Many have hailed Part 107 as the ruling from the FAA that the commercial drone industry as a whole has been wanting and needing for a long time. Plenty throughout the industry have been effusive in their praise around the ruling since it eliminates the cumbersome requirements that were associated with securing a Section 333 Exemption. Few can argue that Part 107 has opened up the sky for commercial drone operations in a real and positive way.

That said, Part 107 does not enable certain operations which many see as the key to making the technology viable for enterprises. Those include being able to operate beyond visual line of sight (BVLOS), over people and at night. During the “Out of Sight on Your Mind? Flying BVLOS, At Night and Over People” session at Drone World Expo, a panel of experts discussed what those limitations mean for commercial operators today and how they’ll impact the way the industry as a whole moves forward.

dsc00837Moderated by Mark Bathrick, Director, Office of Aviation Services at the US Department of the Interior, the session featured a lively discussion from experts in various corners from the industry around what it means to move forward in this new regulatory landscape. Michael Cohen, Executive Director at SkyBEAM, Andrew Krawczel, Aviation Services Manager at San Diego Gas & Electric and Michael Chambliss, Technologist at the International Cinematography Guild /IATSE Local 600 took the stage to talk through all of these issues and plenty more.

Being able to operate BVLOS was a topic that came up in many different contexts throughout the session, and details around how that sort of operation represented an increase in risk and cost is something that was discussed in detail. Operating BVLOS brings up questions and concerns about privacy, but as Cohen noted, it’s probably the most significant issue that really isn’t a big deal. Drones have the ability to take pictures of people’s homes when they’re flying over or near them, but so do satellites. It’s an issue that needs to be addressed, but it’s also an issue that’s been around for a long while, even though few realized it until now.

Krawczel mentioned one of the biggest and most important things San Diego Gas & Electric does around this issue is to get out in front of it as quickly as they can. Their team works to make info about what they’re doing with drones as readily available as possible. They approach it in terms of a public awareness campaign, and it’s been successful in raising awareness around the fact that these tools are not being used to spy on anyone.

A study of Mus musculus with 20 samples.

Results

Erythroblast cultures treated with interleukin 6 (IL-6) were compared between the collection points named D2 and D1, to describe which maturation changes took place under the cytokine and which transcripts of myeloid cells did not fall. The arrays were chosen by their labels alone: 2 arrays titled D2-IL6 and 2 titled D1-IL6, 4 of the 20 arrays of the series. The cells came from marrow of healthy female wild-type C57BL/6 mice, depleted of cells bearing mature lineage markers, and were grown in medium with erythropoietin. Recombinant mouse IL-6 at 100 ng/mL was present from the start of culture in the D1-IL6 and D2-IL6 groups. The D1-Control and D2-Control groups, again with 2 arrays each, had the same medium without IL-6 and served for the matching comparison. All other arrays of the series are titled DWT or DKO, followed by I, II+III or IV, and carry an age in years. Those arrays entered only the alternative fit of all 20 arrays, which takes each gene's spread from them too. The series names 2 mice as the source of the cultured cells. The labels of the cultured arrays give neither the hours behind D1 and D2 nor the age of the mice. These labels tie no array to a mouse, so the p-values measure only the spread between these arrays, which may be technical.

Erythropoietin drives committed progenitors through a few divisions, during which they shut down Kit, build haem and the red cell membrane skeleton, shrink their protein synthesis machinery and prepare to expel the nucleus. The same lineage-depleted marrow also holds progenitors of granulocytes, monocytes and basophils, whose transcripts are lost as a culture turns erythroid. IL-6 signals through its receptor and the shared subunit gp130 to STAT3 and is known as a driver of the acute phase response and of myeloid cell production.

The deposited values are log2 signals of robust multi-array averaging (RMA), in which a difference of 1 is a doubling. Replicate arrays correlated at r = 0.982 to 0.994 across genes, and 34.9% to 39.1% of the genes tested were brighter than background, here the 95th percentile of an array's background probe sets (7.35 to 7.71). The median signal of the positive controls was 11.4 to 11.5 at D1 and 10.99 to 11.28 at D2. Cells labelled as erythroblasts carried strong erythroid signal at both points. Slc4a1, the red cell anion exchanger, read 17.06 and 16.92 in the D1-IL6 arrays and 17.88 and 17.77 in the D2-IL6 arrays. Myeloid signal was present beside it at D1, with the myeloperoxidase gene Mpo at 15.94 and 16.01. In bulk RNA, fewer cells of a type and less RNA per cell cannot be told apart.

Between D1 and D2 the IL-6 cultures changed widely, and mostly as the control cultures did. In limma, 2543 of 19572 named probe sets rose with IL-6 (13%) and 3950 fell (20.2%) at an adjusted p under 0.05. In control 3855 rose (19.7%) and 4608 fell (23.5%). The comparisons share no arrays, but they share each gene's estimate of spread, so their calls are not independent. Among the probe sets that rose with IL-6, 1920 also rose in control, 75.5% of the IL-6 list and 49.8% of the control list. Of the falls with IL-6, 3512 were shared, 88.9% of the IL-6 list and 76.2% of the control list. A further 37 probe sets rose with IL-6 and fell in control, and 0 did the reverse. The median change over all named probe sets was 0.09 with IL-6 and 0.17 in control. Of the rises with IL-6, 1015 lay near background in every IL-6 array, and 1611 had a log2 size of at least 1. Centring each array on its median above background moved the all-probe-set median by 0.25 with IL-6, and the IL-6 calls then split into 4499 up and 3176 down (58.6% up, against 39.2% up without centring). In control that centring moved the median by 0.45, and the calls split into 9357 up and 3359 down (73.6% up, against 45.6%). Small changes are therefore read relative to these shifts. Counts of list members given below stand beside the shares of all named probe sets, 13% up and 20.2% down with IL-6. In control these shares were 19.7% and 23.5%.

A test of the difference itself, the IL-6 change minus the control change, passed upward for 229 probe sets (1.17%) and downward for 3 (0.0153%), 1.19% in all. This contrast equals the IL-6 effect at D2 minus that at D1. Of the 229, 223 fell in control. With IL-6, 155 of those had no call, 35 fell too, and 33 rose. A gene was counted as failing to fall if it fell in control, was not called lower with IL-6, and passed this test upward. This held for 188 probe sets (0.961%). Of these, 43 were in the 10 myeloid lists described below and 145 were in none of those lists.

Perhaps the most illuminating quote of the session belonged to Bathrick, who mentioned that today’s airspace has been designed for yesterday’s aircraft and applications. While it’s clear officials in the FAA are working to make sense of how drones can be part of the airspace, they’re having to do so based on rules and platforms that have entirely different needs and requirements. This approach creates complications that various individuals, organizations and agencies continue to sort through.

As you might expect, how a UAS traffic management (UTM) system factors into operating BVLOS came up, and the top two issues the panel mentioned around it concerned who was going to pay for this system, and what sort of protocols were going to work for it. These issues and plenty others have to clear some serious hurdles before a UTM system is going to be a viable option, and while progress is being made, the fourth level of technical capability NASA is proposing isn’t set to take place until 2019. Still, announcements like the one from AT&T and NASA around their research collaboration into traffic management solutions for UAS is proof that it’s impossible to know what we’ll see around this technology, or when we’ll see it.

Discussions around safety and night time flying also provided some key insights in regards to what these topics mean to the individuals and organizations who need to consider them, but the Jeopardy!-style chart (see below) that Bathrick pulled up to get the audience to engage in a Q&A showed just how many different areas we’re dealing with. Some of the topics from the list had already been addressed, but it would have been especially interesting to further explore questions like OSHA vs FAA and notification overload.

We’ll look to explore some of those topics in the next few months, but let us know via email or Twitter which ones you find to be the most relevant.